The Versatile Off-Road Collection From Machines for Freedom

Cyclists often have a preference about their terrain. Road bikers, off-road or mountain bikers, and stationary bikers all care about the gear necessary to their specific pursuit, and sometimes that gear can be used across all categories. But sometimes, what works best for the road doesn’t necessarily cross over well for dirt.

 

Machines for Freedom, the inclusive women’s cycling apparel brand, has previously been known for its road-specific clothing. But this spring, the company launched the Versatile Off-Road Collection, for those cyclists who need something different in the dirt. Inspired by mountain biking and designed for versatility, this collection still has the superior fit, construction, and technical features for which Machines for Freedom is known.

 

The Key Short is great not only for mountain biking, but also for gravel touring, urban commuting, and even hiking. Constructed with stretchy, wicking polyester in a high-rise fit and stylistic silhouette, the short comes in two inseam lengths: 5.5 inches and 11 inches. It also has five functional pockets. The short lists for $108 on the Machines for Freedom site.

 

Tech Tees are soft and sustainable, designed with an eco-friendly micro-modal fabric made from the fiber of beech trees, a renewable resource. The boxy, relaxed fit drapes well and resists wrinkling. The tees also dry quickly. They’re available in both short-sleeve ($78) and long-sleeve ($88) styles.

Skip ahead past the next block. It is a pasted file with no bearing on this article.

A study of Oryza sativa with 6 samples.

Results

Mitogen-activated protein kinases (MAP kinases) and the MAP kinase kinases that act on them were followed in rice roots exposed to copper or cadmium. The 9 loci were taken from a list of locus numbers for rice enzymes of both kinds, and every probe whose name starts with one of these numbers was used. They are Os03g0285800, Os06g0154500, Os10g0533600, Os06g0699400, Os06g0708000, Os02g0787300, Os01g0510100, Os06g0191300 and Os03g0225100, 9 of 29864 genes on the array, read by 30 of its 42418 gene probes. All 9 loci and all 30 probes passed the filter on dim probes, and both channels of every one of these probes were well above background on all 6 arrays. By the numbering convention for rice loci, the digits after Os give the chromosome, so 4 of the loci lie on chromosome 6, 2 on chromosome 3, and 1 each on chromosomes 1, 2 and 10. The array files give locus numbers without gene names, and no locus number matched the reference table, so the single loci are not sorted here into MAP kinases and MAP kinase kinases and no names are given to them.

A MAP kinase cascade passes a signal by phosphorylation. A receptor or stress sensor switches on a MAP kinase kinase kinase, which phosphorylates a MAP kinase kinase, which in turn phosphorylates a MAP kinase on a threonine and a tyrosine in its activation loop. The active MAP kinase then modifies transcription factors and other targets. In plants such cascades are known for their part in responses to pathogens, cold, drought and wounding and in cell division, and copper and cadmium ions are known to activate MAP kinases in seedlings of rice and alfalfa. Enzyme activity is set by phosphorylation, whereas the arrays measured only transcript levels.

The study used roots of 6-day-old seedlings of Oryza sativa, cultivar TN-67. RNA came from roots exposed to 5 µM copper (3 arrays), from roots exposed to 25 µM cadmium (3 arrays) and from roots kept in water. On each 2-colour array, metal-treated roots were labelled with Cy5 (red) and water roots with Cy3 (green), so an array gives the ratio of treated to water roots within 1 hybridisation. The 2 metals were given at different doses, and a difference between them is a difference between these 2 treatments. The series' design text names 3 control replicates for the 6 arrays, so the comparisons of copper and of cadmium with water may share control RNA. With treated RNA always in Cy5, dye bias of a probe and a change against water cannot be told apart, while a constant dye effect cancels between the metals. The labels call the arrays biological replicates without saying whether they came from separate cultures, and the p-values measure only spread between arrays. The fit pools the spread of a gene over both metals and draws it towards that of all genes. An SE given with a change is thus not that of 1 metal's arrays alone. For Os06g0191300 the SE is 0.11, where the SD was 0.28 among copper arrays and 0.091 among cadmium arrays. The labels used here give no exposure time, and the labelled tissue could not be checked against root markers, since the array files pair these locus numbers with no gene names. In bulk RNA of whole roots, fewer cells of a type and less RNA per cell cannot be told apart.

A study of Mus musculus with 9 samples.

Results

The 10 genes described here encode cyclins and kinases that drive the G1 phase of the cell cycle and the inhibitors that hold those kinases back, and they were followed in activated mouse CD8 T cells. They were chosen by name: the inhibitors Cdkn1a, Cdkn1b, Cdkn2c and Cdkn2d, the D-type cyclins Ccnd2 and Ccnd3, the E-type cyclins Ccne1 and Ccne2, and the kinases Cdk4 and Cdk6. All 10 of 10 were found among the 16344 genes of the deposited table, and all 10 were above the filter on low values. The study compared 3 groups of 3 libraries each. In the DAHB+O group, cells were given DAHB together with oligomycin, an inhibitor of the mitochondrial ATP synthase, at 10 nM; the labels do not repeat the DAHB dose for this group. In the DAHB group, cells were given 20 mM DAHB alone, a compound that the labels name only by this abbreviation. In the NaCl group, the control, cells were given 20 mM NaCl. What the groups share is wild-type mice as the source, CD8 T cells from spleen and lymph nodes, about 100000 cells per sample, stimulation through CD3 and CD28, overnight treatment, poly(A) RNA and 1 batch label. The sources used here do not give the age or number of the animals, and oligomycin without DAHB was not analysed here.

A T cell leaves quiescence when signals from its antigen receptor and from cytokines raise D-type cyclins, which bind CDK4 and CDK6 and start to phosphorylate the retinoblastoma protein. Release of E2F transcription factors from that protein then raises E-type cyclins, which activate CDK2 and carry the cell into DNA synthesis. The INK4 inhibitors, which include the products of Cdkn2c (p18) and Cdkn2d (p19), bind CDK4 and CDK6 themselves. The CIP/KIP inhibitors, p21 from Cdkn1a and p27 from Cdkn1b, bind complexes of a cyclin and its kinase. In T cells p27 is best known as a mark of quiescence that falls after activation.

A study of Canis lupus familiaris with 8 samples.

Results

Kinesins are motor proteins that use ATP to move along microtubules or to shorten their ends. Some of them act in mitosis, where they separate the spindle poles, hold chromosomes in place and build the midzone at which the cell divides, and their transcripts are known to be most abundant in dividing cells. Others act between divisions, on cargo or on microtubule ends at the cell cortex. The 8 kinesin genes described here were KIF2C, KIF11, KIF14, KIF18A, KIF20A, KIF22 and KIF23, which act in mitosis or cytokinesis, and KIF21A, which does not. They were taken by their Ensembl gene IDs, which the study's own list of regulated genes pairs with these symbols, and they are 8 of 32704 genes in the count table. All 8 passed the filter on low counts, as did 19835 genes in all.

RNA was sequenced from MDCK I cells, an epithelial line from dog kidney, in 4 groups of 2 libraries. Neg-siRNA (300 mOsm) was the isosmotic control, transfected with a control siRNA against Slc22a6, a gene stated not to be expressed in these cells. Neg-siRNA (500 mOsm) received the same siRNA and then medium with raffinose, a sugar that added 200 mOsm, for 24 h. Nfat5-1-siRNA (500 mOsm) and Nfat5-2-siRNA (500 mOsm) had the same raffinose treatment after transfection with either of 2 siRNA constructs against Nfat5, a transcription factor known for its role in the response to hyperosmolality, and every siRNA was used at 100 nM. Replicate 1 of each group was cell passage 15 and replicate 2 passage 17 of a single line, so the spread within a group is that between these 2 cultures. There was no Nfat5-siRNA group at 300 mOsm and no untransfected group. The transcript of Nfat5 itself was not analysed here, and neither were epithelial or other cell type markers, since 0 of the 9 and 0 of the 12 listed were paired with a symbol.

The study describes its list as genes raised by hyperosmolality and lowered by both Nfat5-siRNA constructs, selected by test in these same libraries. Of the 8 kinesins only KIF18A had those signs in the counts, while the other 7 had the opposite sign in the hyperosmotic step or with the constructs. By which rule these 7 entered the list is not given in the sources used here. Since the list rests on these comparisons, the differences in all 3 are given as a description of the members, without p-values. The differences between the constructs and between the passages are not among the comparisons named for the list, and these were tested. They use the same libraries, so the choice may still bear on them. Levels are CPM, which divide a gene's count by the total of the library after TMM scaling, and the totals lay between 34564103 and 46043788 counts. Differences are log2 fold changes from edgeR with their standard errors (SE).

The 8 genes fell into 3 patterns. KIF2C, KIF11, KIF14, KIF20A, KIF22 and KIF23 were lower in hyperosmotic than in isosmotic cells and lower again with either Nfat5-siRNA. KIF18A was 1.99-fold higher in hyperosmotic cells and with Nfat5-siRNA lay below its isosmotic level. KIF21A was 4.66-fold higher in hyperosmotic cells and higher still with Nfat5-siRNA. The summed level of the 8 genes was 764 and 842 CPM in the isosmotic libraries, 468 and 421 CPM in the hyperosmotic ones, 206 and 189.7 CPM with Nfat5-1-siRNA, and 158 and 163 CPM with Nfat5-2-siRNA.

The Technical Crew is like your favorite cotton sweatshirt, but with all the moisture-resistant, quick-drying properties you want when you’re active. Contoured sleeves give you a wide range of mobility, and the huge zippered pocket means that everything you stash stays secure. The crew lists for $98 on the Machines for Freedom site.

 

Pack the pieces in your suitcase the next time you’re traveling, or use them at home for local biking adventures.

 

Jill

Jill Robinson is a freelance writer who lives in a small California beach town near the big wave surf spot, Mavericks. She divides her time between writing about travel, running a kayak business and trying to wring awe-inspiring adventure out of every day. Her articles have been featured in the AFAR, National Geographic Traveler, Outside, the San Francisco Chronicle, and more. Catch up with her adventures on www.dangerjillrobinson.com and IG/Twitter at dangerjr.